Etymology of Bansuri
The word bansuri originates from the ‘bans’ which means bamboo and ‘sur’ meaning piece of music. In early medieval texts, the Sanskrit word ‘vamsi’ which is derived from root ‘vamsa’ meaning bamboo. A flute player in these medieval texts is called ‘vamsika’.
History of Bansuri
Bansuri is a simple musical instrument which can be found in many ancient cultures. According to the legends, the three birthplaces of Bansuri are Egypt, Greece and India. The early on medieval Indian bansuri was however, significant with its dimension, manner, bindings, and mounts on ends. It is discussed as a significant musical instrument in the ‘Natya Shastra’ and is mentioned in a lot of Hindu texts on music and singing. The Bansuri is however referred to by other names such as ‘nadi’, ‘tunava’ in the Rig-Veda and other Vedic texts of Hinduism, or as ‘venu’ in post-Vedic texts. The Bansuri is also mentioned in various Upanishads and Yoga texts.
References to the Bansuri can be witnessed since the times of the Rig Veda, even in the murals of Ajanta and Ellora caves. It is basically a folk instrument, invariably linked to the lives of Lord Krishna. However, it was only during the ‘Bhakti movement’ that Bansuri rose to prominence. During the latter part of the 19th century, the Carnatic musical geniuses took up the Bansuri as an inseparable part of a concert ensemble. Slowly, it also was infused into the North Indian musical arena, basically by the untiring efforts of Pt. Pannalal Ghosh. His innovations and improvisations are historical and can never be surpassed. The Bansuri in use today is made from bamboo, taken from the forests of Assam and North-East. Generally with six finger holes - one for blowing and the remaining for the fingers, Pt. Pannnalal Ghosh added one further hole to facilitate the playing of lower octaves.
It was during the latter part of the 19th century that the flute came to occupy its esteemed place in the Carnatic repertoire as a solo instrument due to the tireless efforts of the inspired genius, Sarabha Shastri. His gifted student, Palladam Sanjeeva Rao continued his legacy and made the Bansuri a popular instrument among thousands in the south. T.R. Mahalingam, or Mali as he is popularly called, through the sheer force of innate genius and unerring instinct brought about several innovations in the style of playing and restored its lost glory in the hearts of millions in the south. In the north, however, the instrument had to wait for the magical fingers of Pannalal Ghosh to raise it to the level of a solo instrument. Later Pt. Hariprasad Chaurasia, Pt. Vijay Raghav Rao and Pt. Raghunath Seth popularized it among millions all over the world.
Significance of Bansuri
In Indian art and culture, Bansuri is inextricably interlinked with the life and loves of Lord Krishna. Musicologists hold that, along with the ‘veena’ and the ‘mrridang’, Bansuri or the ‘venu’ is one of the oldest Indian musical instruments. It figures as one of the key accompanying instruments in the Rig Veda and Atharva Veda, as also the Puranas. Both celestial and human beings are shown to play it in the mural paintings in Ajanta, in the sculptures in Ellora and Sanchi. Importantly, it has been part of numerous pastoral, folk and regional ensembles from time immemorial.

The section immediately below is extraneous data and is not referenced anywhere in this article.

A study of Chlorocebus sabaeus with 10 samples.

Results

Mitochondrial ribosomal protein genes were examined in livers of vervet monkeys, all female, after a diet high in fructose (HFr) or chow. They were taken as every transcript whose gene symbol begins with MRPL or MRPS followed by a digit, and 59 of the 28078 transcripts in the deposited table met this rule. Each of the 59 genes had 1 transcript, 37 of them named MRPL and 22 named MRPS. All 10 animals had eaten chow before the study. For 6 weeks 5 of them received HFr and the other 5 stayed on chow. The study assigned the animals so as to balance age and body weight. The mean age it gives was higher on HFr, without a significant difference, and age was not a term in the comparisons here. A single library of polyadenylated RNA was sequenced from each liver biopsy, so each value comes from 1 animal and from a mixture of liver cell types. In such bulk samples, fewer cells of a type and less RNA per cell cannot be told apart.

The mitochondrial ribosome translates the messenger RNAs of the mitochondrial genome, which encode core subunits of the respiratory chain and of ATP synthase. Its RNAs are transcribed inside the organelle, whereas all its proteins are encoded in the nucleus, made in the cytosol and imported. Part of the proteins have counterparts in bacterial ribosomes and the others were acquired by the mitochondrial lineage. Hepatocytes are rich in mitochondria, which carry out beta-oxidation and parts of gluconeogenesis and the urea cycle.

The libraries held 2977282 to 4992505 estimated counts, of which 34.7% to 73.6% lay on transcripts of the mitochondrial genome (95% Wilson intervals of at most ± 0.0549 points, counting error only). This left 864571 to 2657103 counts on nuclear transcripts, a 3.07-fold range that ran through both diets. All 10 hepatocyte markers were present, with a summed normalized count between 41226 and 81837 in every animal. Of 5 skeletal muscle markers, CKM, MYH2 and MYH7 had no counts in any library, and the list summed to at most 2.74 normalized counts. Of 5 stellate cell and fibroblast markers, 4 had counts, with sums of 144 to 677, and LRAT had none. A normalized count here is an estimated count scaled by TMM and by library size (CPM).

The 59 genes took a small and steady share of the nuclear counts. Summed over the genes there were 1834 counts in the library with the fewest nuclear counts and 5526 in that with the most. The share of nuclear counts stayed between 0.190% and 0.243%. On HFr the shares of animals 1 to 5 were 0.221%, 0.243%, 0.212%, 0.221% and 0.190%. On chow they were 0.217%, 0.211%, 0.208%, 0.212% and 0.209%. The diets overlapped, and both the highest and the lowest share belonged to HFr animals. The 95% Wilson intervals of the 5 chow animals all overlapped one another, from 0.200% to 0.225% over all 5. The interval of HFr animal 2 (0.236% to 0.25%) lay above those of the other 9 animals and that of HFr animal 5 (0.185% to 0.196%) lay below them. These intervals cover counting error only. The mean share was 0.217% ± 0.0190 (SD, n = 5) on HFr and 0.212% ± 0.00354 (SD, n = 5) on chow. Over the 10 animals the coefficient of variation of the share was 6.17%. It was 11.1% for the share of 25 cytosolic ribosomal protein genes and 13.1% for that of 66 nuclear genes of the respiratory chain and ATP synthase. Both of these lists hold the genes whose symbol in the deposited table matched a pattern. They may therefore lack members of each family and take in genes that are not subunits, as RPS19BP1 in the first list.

The modern day Bansuri used in Hindustani recitals is made of straight and tidy bamboo of even bore, closed at one end. The Bansuri used in Hindustani concerts is usually two-and-a-half to three feet long, possesses six finger holes and one for blowing.
Techniques of Bansuri
Six fingers have to be placed in the finger holes in a varying manner to reproduce the intricacies and minutiae of ‘raagas’. In North India, Bansuri is placed almost horizontally with the lower end slanted towards the ground. The player, who sits cross-legged on the ground, has to use blowing and fingering techniques to get the required tonal modulations. Most players follow the Pannalal model of using two other types of flutes besides the playing flute to delineate ‘raagas’. The unusually long and stout bass Bansuri helps the player play the lower octave with great effect, while short and light flute is used for playing catchy folk and regional airs. The man playing Bansuri can generate two-and-a-half and, at times, three octaves quite easily, thus making it close companion of the human voice. Unlike the Hindustani Bansuri, the Carnatic Bansuri is shorter and possesses eight playing holes bored differently from its North Indian counterpart. The sound produced is also far more shrill compared to the mellow bass resonance given off by the Hindustani bansuri.
The Hindustani Bansuri, for the most part, follows the same format of presentation used by stringed instruments. First comes the free ‘alaap’, which is followed by the ‘vilambit gat’ and eventually rounded off with the ‘drut gat’. Hariprasad Chaurasia, following the Maihar style of presentation, has introduced both the ‘jod’ and the ‘jhala’ used in sarod and the sitar as part of his repertoire.
Hariprasad Chaurasia, Raghunath Seth, Rakesh Chaurasia, Nityanand Haldipur, G.S. Sachdev, Deepak Ram, Pannalal Ghosh, Shivkumar Sharma, Brijbushan Kabra are some of the famous Bansuri players from India.